One of the first scenes Christina Applegate and Linda Cardellini ever shared in Netflix’s “Dead to Me” had them smoking marijuana on the beach. In between lighting setups, Applegate says, they didn’t go back to their individual trailers to decompress; rather they “just sat there under the blankets, talking.” That allowed them to get to know each other better, but it also set a precedent for the kind of supportive working relationship they would have.
“From the get-go it was as if we had known each other forever,” says Applegate. “We were not two actresses working together; we were two women who understood each other. There was nothing about coming in to have a performance; we were living these moments together.”
In the second season of the dark comedy, those moments were more often than not extremely emotional. The season starts with Applegate’s Jen calling upon Cardellini’s Judy to help her literally bury a body — and that of Judy’s ex-boyfriend, to boot! As time goes on, the attempts to cover up the crime become more complicated; Jen confesses to Judy that she killed him out of anger, not self-defense; and Jen’s kids are even left in Judy’s care when Jen thinks she is going to prison.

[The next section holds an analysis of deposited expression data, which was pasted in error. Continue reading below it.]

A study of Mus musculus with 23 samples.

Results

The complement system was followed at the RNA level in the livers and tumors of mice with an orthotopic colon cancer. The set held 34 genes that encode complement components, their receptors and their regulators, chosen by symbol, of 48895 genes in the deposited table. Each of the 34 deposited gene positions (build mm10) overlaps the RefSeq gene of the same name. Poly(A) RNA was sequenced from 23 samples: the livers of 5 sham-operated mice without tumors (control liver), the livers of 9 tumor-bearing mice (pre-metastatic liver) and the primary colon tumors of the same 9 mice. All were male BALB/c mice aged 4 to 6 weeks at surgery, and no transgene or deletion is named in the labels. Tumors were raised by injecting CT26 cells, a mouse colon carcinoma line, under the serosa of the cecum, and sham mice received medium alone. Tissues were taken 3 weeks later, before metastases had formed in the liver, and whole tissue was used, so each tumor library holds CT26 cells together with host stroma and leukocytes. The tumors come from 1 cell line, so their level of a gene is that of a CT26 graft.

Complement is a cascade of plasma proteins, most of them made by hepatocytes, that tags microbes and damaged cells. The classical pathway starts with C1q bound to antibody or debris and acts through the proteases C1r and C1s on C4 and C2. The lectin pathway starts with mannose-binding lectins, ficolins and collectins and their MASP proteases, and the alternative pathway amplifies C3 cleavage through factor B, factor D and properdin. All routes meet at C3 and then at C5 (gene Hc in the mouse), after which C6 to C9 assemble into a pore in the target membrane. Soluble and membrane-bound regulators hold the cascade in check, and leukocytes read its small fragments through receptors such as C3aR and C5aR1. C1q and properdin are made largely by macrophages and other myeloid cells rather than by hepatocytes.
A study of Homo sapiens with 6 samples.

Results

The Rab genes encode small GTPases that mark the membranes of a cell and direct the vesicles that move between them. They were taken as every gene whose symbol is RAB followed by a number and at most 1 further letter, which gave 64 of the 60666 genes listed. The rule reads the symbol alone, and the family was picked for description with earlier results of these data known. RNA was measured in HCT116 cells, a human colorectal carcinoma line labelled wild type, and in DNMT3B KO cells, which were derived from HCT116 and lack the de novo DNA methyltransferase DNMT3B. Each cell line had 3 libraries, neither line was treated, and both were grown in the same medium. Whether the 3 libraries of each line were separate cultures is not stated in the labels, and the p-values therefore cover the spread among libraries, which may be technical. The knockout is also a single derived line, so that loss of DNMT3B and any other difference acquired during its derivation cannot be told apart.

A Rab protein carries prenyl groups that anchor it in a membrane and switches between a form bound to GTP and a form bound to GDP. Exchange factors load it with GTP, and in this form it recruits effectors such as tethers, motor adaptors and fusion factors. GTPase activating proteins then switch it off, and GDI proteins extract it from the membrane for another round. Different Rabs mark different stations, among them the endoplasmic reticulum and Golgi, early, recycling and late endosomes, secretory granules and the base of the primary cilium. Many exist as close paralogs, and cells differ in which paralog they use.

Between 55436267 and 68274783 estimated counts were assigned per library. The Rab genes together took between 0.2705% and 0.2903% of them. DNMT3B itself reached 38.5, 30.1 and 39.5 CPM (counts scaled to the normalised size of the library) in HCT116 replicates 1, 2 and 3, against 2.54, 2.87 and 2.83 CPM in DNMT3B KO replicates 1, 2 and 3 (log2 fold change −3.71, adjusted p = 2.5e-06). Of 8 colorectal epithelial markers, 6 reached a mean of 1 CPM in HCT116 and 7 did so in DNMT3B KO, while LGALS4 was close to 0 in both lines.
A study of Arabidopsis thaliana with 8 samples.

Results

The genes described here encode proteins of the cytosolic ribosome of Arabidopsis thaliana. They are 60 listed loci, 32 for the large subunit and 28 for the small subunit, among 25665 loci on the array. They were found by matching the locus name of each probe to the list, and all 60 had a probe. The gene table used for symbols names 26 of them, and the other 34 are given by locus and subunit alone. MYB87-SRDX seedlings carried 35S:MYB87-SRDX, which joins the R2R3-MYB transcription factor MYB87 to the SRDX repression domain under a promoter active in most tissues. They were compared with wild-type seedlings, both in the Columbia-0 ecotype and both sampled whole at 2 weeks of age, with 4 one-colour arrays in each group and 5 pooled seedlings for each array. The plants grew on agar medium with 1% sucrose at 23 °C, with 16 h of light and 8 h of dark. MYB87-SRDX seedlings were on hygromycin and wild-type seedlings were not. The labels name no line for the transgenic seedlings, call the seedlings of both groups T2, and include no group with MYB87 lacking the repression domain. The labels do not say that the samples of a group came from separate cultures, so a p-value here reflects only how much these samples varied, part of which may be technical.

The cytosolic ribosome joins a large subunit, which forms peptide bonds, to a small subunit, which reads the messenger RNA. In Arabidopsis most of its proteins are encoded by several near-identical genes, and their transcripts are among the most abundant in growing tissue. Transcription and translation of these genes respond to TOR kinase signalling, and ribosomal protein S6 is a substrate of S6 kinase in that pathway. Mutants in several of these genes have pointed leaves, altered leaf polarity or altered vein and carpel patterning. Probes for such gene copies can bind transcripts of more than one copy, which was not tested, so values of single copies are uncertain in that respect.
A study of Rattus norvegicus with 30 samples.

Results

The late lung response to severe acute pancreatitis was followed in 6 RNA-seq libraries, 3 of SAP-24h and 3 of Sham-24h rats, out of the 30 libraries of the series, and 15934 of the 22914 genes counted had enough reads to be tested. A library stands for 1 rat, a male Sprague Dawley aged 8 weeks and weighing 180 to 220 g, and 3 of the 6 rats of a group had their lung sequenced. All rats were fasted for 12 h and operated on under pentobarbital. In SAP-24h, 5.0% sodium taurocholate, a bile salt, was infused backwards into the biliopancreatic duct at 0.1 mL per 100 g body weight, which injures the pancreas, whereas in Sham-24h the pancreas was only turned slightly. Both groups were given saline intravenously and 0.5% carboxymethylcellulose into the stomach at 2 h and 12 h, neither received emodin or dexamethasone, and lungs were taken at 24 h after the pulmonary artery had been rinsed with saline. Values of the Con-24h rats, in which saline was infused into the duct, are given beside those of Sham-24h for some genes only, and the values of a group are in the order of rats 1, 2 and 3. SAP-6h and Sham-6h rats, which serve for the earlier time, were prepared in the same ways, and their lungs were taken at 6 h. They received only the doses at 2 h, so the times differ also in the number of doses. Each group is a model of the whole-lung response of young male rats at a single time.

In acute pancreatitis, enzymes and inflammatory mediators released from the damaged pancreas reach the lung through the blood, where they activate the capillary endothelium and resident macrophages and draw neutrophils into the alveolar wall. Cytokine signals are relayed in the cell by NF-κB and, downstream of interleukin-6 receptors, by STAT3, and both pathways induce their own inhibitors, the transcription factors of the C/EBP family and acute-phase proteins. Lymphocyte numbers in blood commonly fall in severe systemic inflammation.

Both Applegate and Cardellini point to the scene in which Jen reveals to Judy that she has been keeping the truth about the murder secret as one of the most challenging ones to film.
“As I was saying the words to her, I physically started shaking so hard. I remember when I was shooting it, I looked down at my hands and they were just trembling,” Applegate recalls.
But what got them through breaking down was leaning on each other.
“In that scene, she runs out, hysterical, and I’m hysterical, and she and I ran around the corner on the set and literally just fell on the ground and were holding each other,” Applegate continues.
Adds Cardellini: “It’s a great relief to have somebody who you can share things with like we’re in therapy. The friendship that we’ve created actually helps us do our job better.”
This is especially true, according to Cardellini, in knowing each other’s rhythms and how to riff with each other, something the women do a lot for the lighter, more banter-style moments.
“Those are my favorite scenes to play, especially if we’re in on something together and someone else doesn’t know, because Christina and I just have a really good time leaning on each other and grabbing each other and poking each other, making faces at each other,” Cardellini says. “A lot of our improv just comes out of our comfort level with each other. A lot of times we go back and forth at the end of a take for a good five minutes.”
Some of their notable adlibs in the second season came in the scene where they were trying to figure out what to say to the cop who pulled them over in the middle of the night after they had just buried the body.
“She and I don’t talk about the scene, we literally just go and do it. It has to be that way because now these two people are living on the edge,” Applegate says. “So it is this trust, not only professionally but also personally. I always had her back if she was having a day, and she had my back if I was having a day, and that’s what infused these characters.”